The Larkins, the ITV remake of the iconic 90s show, dropped an estimated 2.2m viewers between E1 and E2. Opening with just over 6.6m viewers for episode one it fell to 4.4m for episode two however, that was still above the time slot average of 3.3m.
The big question mark, dangling like the sword of Damocles, over ITV’s The Larkins is – why?
Why remake a near perfick (sorry, had to be done) period show? Well as Executive producer Ben Farrell put it, “The way I look at it is we’re not short of Dickens adaptions, would people say Oliver Twist or A Christmas Carol has been adapted too many times? I think there are always new takes on those stories depending on the age we’re living in. The fact the original novels were adapted for television over 30 years ago is no reason not to reinterpret them for a modern audience. We’re not re-making a television series, we’re adapting a set of novels.”
In essence that’s fine but it would be nonsense to remake Dad’s Army (as the film proved) and include current language, thinking and PC balance.
Therein lies part of the problem with The Larkins, the adaptation includes elements that are historically inaccurate for a quiet Kent village in 1958. Some language, casting and incidents have been included to reflect today’s attitudes. By all means adapt the H E Bates novels: by all means “reinterpret them for a modern audience” but why rewrite history for the sake of conforming to current thinking even though that thinking is right?
As Anita Singh, Arts and Entertainment Editor of the Telegraph said in her review, “Has there ever been such a racially diverse utopia as this tiny village in Kent? An Indian brigadier and headteacher, an Asian postman, a black shopkeeper, house buyer and man from the tax office – at points I thought everyone was going to break into song in the street and reveal this to be a Coca-Cola advert.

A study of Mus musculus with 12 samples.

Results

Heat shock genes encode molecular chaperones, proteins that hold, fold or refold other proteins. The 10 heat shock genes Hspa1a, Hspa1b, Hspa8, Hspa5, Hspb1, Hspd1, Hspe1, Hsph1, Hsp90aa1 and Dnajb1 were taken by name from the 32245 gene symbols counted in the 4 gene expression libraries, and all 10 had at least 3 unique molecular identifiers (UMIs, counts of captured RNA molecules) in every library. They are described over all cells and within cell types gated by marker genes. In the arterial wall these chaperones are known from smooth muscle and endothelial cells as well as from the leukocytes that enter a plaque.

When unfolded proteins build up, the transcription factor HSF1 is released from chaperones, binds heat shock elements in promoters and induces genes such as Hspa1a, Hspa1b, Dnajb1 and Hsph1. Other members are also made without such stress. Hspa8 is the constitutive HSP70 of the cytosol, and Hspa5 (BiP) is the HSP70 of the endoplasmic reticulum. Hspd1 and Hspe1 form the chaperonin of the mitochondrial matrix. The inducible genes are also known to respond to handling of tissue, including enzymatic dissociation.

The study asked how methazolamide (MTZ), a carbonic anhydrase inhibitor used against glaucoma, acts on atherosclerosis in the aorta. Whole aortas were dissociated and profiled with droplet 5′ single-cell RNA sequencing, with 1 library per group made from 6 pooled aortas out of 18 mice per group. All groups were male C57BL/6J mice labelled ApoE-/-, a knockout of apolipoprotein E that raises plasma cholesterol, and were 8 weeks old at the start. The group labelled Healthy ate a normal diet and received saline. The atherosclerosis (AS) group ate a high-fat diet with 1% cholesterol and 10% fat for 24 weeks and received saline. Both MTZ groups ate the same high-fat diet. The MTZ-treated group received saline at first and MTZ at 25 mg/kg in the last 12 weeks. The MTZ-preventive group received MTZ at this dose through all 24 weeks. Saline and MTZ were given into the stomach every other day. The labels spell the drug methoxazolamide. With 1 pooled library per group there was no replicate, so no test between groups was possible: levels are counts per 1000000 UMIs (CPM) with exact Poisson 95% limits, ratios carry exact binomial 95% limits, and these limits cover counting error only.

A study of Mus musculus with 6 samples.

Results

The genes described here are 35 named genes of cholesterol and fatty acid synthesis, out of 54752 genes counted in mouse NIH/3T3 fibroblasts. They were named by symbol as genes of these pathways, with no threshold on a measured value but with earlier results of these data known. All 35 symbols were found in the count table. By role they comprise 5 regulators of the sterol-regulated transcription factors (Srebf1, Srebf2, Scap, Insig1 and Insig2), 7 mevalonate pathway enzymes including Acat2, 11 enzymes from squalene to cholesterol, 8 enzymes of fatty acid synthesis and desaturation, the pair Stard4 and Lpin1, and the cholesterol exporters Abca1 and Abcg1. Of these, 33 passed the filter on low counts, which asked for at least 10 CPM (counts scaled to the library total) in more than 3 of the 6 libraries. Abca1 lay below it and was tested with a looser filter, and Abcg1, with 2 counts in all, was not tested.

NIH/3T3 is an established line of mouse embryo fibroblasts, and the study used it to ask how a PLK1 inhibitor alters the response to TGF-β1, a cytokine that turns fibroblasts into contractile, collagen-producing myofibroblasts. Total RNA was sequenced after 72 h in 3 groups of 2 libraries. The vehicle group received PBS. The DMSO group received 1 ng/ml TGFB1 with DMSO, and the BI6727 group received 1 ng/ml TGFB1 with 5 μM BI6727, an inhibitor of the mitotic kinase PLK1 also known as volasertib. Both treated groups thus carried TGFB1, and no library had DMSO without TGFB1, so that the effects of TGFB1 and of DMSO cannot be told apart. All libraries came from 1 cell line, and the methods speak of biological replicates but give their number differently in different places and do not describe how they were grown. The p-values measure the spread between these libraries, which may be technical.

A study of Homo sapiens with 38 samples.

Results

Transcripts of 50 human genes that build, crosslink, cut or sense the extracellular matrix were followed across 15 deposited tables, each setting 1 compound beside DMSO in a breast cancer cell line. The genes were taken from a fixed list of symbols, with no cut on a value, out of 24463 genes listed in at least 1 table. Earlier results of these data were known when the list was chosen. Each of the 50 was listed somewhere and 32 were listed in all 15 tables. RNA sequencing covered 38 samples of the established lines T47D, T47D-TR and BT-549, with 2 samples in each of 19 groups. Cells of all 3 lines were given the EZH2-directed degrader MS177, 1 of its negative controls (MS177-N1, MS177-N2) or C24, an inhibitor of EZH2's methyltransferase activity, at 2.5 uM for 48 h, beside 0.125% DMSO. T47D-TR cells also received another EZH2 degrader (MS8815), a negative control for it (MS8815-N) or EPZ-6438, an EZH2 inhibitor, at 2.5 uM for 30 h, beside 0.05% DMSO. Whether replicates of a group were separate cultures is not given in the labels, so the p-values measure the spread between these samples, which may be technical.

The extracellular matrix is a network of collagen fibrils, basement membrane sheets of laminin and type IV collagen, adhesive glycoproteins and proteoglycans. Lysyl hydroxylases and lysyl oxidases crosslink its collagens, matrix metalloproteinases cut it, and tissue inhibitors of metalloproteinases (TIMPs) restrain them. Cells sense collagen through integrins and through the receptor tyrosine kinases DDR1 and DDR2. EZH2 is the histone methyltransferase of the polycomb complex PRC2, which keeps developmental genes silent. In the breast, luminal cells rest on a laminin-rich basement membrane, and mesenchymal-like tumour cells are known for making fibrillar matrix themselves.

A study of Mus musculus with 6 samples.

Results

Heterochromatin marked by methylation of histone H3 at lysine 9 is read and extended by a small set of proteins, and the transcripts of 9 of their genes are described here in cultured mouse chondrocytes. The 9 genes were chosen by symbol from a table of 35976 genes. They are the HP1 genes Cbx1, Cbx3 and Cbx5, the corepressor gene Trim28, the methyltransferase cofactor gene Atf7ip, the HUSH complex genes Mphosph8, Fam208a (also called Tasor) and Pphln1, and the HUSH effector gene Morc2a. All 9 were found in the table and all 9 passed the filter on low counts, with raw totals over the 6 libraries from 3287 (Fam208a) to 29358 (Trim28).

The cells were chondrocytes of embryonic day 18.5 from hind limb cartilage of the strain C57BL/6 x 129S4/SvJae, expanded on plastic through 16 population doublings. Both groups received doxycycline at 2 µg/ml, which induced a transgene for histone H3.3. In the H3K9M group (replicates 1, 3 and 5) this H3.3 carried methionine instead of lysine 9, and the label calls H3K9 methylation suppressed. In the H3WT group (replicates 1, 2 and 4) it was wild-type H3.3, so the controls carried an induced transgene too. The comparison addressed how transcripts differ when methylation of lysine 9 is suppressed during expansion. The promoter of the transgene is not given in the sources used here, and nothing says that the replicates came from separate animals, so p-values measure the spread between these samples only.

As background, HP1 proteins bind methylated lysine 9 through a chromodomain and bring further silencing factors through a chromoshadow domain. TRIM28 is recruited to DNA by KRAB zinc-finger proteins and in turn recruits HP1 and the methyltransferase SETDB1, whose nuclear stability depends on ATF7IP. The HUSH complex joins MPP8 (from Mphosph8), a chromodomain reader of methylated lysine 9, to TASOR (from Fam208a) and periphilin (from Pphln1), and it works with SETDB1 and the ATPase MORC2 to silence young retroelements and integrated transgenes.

It can’t be colour-blind casting because all of the Larkins are white. Instead, we’re asked to believe that the locals don’t bat an eyelid at an Indian woman running a village school in 1958, when Britain didn’t get its first black headteacher until 1969.
There’s room for a little bit of #MeToo training too. “If you really like a girl, how do you approach her?” Ma asks her adolescent son. “Without scaring or embarrassing her,” he replies. Was that in the original HE Bates novel?”
Leaving aside the unnecessary PC inclusions, Simon Nye’s script and the casting leave a lot to be desired. It’s impossible not to make comparisons with the 1990 series. In the H E Bates novels, Mariette is 17 years old and in the original TV version Catherine Zeta-Jones, who played the part, was around 21 years old. In this reboot Sabrina Bartlett plays Mariette but, whilst she is an accomplished actress, at 30 years of age she looks a little too mature to play a 17 year old (sorry but that’s a fact). If the ‘new interpretation’ is that she is older then the age difference between her and the other Larkin children is too great. Joanna Scanlan, as Ma Larkin, is almost indistinguishable from Pam Ferris but Bradley Walsh’s interpretation of Pa Larkin leans more on Max Millar. As Paul Whitehouse might say, he’s “little bit weerrrr, a little bit weeeeeey, a little bit dodgy!’.
The Larkins is typical Sunday evening viewing but, if the current loss of viewers is a continuing trend, it is proving to be anything but perfick.